Mechanical to Digital Printing in Scotland

A hundred years ago, twenty three delegates from all over Scotland met in the North British Hotel, Edinburgh, and founded the Scottish Alliance of Masters in Printing and Allied Trades, later known as the Scottish Master Printers Society and the Scottish Print Employers Federation. Now know as Graphic Enterprise Scotland, this book marks the organisation’s centenary by tracing its evolution during a century of technological change in one of Scotland’s most significant industriues.

This book is a culmination of six years work by John Gennard, produced through painstaking analysis of a massive volume of documentation accumulated since 1910, and by face-to-face interviews with significant individuals associated with the organisation.

The story told is a fascinating one, which wends its way through history from the installation of the first printing press in Edinburgh in 1507 to the effects and implications of modern digital printing of today.

Although our organisation was founded only in 1910, John explains in some detail the development of printing in Scotland to that date and the very significant technological changes brought about by the introduction of mechanical typesetting at the end of the nineteenth and early twentieth centuries. He demonstrates clearly how these changes radically affected the economics of printing and the effects on people in print and the development of organised labour.

Indeed, the original reasons for the formation of the Scottish Alliance of Masters in Printing and Kindred Trades on 8th November 1910 are identified as the introduction of mechanical composition through the Linotype and Monotype machines, the growth of the trade union membership and power, the creation of a national federation of print unions and the need to deal with the issue of product market competition based on price-cutting between Scottish Master Printers.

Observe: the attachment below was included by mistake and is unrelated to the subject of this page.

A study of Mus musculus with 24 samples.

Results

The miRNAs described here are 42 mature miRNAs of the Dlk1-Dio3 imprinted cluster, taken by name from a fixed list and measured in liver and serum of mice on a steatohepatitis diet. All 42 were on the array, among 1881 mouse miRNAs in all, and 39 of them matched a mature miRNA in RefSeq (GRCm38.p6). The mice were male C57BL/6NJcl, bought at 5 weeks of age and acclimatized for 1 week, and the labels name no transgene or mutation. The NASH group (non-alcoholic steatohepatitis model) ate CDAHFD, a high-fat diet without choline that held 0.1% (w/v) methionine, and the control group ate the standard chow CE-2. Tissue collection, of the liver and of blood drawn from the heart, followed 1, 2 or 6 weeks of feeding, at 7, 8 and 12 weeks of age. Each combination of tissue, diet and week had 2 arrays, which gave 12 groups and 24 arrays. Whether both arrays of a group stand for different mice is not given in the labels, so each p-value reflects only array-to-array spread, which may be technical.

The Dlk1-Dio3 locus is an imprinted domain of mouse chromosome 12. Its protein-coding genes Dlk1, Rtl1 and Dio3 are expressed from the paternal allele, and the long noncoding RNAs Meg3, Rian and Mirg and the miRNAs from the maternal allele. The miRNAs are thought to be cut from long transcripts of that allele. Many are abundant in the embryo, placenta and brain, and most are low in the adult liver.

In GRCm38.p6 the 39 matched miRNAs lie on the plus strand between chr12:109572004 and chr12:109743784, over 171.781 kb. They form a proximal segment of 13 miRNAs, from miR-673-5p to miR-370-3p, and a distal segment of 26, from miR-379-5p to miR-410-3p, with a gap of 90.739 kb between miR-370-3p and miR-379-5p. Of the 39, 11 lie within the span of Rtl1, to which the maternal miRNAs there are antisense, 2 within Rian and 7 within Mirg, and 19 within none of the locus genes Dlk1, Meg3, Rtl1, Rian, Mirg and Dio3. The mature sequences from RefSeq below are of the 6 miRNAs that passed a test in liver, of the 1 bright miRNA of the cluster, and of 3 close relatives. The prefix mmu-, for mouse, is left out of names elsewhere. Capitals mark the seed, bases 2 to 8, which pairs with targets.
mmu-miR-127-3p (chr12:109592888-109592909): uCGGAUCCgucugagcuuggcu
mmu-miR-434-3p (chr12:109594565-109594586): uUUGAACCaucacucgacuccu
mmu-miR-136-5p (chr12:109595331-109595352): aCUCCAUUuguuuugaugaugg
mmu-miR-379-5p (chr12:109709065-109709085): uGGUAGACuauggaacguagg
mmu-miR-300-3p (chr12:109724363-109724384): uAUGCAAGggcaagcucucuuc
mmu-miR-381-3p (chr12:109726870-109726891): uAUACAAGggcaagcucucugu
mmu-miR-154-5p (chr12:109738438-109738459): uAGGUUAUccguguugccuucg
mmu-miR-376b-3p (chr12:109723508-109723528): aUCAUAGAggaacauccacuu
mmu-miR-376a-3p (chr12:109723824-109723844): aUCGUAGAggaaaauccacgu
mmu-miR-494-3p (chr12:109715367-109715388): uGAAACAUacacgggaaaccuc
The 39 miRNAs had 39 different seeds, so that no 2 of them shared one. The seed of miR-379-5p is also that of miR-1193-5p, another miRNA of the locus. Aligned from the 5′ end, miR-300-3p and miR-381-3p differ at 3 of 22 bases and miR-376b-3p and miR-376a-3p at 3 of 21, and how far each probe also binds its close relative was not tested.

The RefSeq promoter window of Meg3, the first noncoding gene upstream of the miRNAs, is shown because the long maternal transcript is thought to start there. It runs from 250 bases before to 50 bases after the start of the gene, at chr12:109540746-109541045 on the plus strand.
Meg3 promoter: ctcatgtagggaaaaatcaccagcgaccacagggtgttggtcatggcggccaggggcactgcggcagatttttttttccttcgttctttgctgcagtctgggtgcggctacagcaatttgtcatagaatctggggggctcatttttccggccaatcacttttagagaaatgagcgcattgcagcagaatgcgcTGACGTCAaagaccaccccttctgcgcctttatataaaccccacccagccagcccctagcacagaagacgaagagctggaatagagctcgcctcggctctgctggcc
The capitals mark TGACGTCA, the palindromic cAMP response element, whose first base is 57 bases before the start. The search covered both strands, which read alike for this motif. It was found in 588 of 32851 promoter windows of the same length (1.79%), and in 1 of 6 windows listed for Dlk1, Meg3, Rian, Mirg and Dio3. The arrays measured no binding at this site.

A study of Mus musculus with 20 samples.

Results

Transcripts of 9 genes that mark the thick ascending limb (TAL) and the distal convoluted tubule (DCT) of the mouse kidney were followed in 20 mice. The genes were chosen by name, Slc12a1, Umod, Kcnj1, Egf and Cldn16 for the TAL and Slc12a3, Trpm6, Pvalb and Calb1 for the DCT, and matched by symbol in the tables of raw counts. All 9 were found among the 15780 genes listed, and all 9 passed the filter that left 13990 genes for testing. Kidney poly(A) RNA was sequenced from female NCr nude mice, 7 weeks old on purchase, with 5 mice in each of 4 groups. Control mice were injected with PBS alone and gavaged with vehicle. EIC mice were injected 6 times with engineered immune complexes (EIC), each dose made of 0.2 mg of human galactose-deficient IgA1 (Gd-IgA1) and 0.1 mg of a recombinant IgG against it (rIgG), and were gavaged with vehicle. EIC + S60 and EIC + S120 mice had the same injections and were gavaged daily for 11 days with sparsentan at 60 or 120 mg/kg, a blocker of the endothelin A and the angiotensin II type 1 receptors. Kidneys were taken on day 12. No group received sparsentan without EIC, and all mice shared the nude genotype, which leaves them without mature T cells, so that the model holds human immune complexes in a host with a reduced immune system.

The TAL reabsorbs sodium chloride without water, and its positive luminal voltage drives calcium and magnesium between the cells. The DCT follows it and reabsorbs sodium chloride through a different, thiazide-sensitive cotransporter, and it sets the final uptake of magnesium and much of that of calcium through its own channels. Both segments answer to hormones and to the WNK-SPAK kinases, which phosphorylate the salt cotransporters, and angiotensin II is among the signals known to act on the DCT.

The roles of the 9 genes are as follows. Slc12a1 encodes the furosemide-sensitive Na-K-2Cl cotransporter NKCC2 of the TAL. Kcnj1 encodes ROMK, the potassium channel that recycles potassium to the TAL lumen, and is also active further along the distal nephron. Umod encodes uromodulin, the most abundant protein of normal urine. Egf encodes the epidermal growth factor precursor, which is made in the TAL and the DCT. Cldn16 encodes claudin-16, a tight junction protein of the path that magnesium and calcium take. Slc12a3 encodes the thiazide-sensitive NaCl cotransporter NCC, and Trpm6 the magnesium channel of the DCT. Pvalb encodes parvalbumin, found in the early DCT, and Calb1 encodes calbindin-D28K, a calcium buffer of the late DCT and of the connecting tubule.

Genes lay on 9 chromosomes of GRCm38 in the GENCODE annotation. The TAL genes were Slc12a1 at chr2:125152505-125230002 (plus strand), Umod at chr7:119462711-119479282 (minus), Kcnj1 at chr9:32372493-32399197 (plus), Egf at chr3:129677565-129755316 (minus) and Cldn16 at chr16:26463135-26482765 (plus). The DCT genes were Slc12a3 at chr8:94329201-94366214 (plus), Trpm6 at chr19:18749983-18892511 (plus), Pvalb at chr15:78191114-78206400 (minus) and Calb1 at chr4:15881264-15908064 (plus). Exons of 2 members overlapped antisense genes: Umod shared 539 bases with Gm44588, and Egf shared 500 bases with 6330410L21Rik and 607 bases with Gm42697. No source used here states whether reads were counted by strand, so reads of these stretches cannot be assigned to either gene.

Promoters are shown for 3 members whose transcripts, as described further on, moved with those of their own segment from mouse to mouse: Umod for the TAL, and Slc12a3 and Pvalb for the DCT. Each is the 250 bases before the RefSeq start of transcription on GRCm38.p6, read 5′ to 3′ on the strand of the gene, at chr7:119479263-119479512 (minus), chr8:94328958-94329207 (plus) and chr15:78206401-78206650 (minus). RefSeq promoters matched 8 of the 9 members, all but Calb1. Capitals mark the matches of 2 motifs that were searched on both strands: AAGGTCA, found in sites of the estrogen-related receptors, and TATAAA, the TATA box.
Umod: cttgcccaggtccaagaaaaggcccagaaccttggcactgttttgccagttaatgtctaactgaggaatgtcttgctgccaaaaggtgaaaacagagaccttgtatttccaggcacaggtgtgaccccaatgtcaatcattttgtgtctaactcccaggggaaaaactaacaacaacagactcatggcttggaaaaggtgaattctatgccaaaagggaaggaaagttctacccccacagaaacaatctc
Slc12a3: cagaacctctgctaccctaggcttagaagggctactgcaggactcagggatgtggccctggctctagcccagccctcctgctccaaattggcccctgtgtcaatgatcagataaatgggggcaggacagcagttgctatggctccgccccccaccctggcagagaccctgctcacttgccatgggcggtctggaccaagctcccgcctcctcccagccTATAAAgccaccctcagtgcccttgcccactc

The author takes you carefully through the name changes to the Scottish Alliance of Master Printers 1953, Society of Master Printers of Scotland 1960, the Scottish Print Employers Federation 1990 and to Graphic Enterprise Scotland 2008. At each change he indicates the socio-economic dynamics coming into play and how they are all associated with technological change, organised labour, collective agreements, and government policy and legislation.

One of the significant themes throughout the history is that, despite the name changes, the role of the organisation has changed little. Core services of negotiation of collective agreements with the trade unions, the training of apprentices and political lobbying still remain with us today. The author also outlines technological changes such as direct to plate, direct to press, digital printing and the progressive amalgamation of the trade unions into Unite the union, as a modern day version of the ‘raison d’être’ of the organisation.

A recurring feature of the story is our relationship to other print employers’ organisations, elsewhere in the UK. Scotland had been a founder member of the BFMP but in 1910 formed its own organisation. It progressively developed its autonomy in finance, conditions of membership, its own collective agreements and over the years pulled out of areas of influence at the BFMP, such as representation on the governing council and major sub-committees. It is particularly apt since John explains the ups and downs of a fractious relationship with the BFMP and its successor organisation, not finally settled until 1984.

Membership numbers have also changed in line with the economic changes encountered in our history. Membership was at its peak in the 1950s and 1960s, but since then it has been in decline through liquidations, takeovers and amalgamations. However, as John illustrates, the organisation has always managed to attract new members and he points out that one of the objectives of GES today is to recruit new full and associate members, together with developing new services in line with members’ business requirements. Success to date has been limited and the industry still exhibits the commercial pressures of poor margins, falling demand, a strong pound, overcapacity and downward pressure on pricing. John also adds the new challenges of e-procurement and new media.

John skilfully portrays our history over the past 100 years, chronicling our passage through the growth of printing companies in Scotland, the development of craft unions, the response to organised labour and the impact of technical change on individuals, organisations and labour relations. This work will be of interest to any social historian but, in particular, to anyone with any connection to the printing industry.

The book is a testimony to the scholarship of the author and to the people in the organisation and industry over the past century. We have survived by reacting to changes in printing and the commercial factors within Scotland and the UK.